Posted Friday, January 21, 2005 8:59:41 AM by Stephanie
I try to design the code of my pages to be very clean, with little extraneous "stuff." My goal is always to make them as accessible as possible as well as search engine friendly. And I've got it all figured out. Using text instead of images for headings and navigation allows me to be kind to both spiders and people that browse with alternative methods like screen readers. This is one of the main reasons I love sIFR. I can use creative fonts for my headings but still retain the text display in a browser. Yup, I have it all figured out.
When I put images into my pages, I use a descriptive alt attribute if it contains information that a low or non-vision person needs to have. If it's purely decorative, I use the empty alt attribute so that the screen readers will ignore it and not read the name of the file. Yup, all done... good for accessibility... did I mention I have it all figured out?
I belong to a great SEO list, and due to a couple questions going on with a site, I needed to verify some SEO knowledge. While getting into dialogues with the SEO experts there, I'm told that I must put my keywords into my alt attributes. The most important one up to three times in the first few images. NOOOO! Imagine what the people using screen readers will hear -- Blathering keyword ridden yada!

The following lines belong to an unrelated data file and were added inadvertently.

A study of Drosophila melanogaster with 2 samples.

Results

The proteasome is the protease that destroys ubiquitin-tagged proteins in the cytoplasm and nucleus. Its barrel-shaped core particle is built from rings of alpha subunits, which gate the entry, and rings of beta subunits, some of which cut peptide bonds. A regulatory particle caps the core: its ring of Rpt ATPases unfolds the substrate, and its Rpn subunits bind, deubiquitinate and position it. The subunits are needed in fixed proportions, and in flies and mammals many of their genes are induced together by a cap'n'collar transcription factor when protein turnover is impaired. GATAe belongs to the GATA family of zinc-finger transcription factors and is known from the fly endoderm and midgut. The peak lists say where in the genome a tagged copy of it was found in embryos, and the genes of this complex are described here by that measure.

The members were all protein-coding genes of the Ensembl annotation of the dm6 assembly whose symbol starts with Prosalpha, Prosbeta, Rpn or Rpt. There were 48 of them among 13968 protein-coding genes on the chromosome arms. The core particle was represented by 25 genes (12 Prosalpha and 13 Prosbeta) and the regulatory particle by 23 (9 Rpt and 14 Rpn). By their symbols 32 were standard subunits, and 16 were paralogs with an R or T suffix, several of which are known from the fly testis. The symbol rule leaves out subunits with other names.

How do I balance the need to be kind to all surfers with the need to be kind to the spiders? Must I choose one or the other? Can I not have a fully accessible to humans site that the spiders also adore? I certainly do not have it all figured out.
Posted Thursday, January 13, 2005 1:10:18 PM by Stephanie
For a long time I've been the kind of web developer that enjoys writing clean, valid code. I have some web friends that think I'm a little too hard core, but it makes me happy. When I complete a site (or when I run into a problem while developing the XHTML/CSS), I use the Web Developer's Toolbar in Firefox to quickly run the page through HTML and CSS validation. No, I don't put the little button on my sites -- who really cares? But I do make sure it validates.
This week, I had a really odd phenomenon happen. I found myself using proprietary CSS, causing my page not to validate, and then told someone, "Who cares if it validates!" Shocking coming from my mouth... or fingers.
That said, what's validation really for? Is it the end, or the means to an end? Is the goal to create pages that work in the validator? Or pages that work in all major browsers and sell whatever your client is selling?
I've come to believe that if I have to use proprietary code to force a certain browser which shall remain nameless to render code the way it would be rendered if that browser were standards-compliant, and it doesn't harm any other browser's rendering of the page, then I've done my job. If rest of the CSS validates and is written correctly, then I've used my tools wisely and created a site my client can make money from and I can be proud of.